I suppose when controversy finds a cozy home it just settles in for the long run.
How else to explain the ongoing, seemingly never-ending series of controversies swirling around state Attorney General Kathleen Kane?
The latest makes your head spin.
Last Friday, on the eve of a three-day holiday weekend, we learned long-suffering Kane spokesman Chuck Ardo had enough, could no longer "defend the indefensible," and was resigning his post as Kane's seventh or eighth (we all lost count) press secretary in three and a-half years.
Then Saturday morning, we learned Kane was scheduling what could be a blockbuster news conference for Tuesday afternoon to present findings of a controversial review of thousands or hundreds of thousands of smutty or racist or otherwise offensive emails between and among judges, prosecutors and who knows who else conducted by a controversial former Maryland AG, Doug Gansler, who lost a bid for his state's governorship and who was contracted last year for an up to $2 million review to "relatively quickly" out the rascals who peddled trash on taxpayer time.
Media collectively rubbed hands together. More porn fun was just days away.
Ah, but by Monday the plug got pulled. Another controversial Kane hire, former Montco DA Bruce Castor, who lost a bid to again be DA at least in part because he declined to prosecute comedian Bill Cosby (on sex charges for which Cosby now faces trial), announced the Kane press conference was canceled because Gansler's report was "not comprehensive."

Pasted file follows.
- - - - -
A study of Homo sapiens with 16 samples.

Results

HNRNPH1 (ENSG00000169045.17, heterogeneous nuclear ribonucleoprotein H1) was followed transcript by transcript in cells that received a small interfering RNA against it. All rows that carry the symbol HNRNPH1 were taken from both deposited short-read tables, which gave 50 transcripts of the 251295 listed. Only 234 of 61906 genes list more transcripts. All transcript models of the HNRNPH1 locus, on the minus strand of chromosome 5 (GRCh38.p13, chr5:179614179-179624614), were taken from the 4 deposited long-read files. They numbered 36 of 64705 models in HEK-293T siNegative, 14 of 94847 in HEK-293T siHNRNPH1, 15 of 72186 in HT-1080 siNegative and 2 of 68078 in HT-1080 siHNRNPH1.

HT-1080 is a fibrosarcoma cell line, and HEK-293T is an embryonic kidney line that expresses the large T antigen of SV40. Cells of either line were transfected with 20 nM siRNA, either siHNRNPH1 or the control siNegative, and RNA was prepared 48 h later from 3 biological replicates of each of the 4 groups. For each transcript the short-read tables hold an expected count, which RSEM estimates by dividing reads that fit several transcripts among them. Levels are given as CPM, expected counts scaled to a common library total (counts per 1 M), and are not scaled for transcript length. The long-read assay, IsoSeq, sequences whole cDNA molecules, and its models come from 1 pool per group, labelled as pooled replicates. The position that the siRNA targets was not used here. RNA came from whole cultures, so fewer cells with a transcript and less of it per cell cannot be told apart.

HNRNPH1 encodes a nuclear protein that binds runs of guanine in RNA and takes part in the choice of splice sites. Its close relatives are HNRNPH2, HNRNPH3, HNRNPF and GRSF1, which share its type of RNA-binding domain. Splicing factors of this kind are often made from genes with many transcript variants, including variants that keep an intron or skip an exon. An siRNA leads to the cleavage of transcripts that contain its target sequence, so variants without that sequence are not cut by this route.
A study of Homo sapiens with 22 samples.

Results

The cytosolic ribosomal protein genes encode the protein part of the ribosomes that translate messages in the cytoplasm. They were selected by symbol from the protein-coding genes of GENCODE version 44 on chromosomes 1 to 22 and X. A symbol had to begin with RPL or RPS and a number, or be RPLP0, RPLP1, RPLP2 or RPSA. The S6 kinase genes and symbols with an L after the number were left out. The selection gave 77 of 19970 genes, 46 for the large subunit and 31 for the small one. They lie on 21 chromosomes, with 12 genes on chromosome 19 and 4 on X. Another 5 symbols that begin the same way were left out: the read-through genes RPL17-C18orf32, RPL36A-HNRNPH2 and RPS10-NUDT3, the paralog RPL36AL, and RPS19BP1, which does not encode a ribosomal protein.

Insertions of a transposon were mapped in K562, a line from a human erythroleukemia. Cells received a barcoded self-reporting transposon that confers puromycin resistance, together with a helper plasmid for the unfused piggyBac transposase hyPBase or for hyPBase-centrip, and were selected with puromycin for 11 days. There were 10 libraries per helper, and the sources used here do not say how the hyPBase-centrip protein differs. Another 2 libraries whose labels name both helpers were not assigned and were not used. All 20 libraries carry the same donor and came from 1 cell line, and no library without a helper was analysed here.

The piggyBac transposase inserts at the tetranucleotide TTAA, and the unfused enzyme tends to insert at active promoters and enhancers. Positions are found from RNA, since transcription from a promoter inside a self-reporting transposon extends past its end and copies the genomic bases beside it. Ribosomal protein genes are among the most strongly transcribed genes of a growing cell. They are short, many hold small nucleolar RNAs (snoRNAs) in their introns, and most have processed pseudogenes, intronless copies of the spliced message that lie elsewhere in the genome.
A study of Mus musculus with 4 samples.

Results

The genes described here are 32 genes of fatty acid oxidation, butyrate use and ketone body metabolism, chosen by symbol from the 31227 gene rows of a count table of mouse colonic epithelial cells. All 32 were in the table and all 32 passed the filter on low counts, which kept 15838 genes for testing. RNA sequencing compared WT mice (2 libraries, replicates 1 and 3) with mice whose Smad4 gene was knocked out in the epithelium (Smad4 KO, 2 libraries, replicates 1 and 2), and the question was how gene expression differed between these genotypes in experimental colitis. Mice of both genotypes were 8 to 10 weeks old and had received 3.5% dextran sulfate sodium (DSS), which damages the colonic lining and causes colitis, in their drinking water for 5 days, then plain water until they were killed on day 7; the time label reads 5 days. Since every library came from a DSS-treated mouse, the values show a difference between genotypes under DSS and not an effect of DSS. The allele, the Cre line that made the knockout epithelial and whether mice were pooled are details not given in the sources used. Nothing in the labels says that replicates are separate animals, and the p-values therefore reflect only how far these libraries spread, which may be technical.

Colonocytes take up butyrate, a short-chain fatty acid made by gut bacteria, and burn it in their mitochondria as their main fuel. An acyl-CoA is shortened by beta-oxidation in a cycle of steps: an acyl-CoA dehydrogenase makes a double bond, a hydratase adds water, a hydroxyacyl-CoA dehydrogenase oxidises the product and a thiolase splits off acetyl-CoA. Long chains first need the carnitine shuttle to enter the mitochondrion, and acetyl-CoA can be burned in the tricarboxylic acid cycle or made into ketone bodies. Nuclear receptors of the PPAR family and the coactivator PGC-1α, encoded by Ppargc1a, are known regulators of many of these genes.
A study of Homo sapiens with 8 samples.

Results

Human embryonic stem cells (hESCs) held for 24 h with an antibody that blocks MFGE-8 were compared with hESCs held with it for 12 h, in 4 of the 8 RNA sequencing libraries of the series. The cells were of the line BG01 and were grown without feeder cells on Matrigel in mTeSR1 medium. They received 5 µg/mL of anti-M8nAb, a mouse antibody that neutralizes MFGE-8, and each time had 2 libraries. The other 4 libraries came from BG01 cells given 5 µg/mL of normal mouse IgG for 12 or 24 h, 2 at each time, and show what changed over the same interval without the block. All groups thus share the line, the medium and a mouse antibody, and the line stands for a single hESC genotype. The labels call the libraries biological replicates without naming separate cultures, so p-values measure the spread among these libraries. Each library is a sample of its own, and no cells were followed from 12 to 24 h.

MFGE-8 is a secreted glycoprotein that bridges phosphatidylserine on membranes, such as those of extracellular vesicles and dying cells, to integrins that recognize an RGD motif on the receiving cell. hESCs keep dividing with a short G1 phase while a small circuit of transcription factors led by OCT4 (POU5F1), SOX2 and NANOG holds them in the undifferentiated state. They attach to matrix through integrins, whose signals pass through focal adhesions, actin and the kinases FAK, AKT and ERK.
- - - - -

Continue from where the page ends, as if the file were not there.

This is interesting since Gansler's review was supposed to be "independent" of Kane's office which, since second-in-command Castor stepped in, clearly it is not.
Mind you, the hiring of both Gansler and Castor also was controversial in terms of pay and position (both in the $150,000 to $160,000 range) to do exactly who knows what for an AG who's law license was stripped while she awaits a criminal trial in August for allegedly leaking grand jury material to the Daily News.
This story needs a flow chart!
But to sum up: the tumultuous tenure of the state's first Democrat and first woman elected AG continues to lose press aides but draw controversy including further delayed exposition of more of the email stuff that brought down several high state officials and two justices of the state Supreme Court.
Oh, and it ain't over. It's simply the latest example of Kathleen Kane spending money, time and resources to feed the multiple controversies she invited into her office while pursuing her own defense of charges against her by a "good ole boys" network out to bring her down (when said boys are not busy trading porn).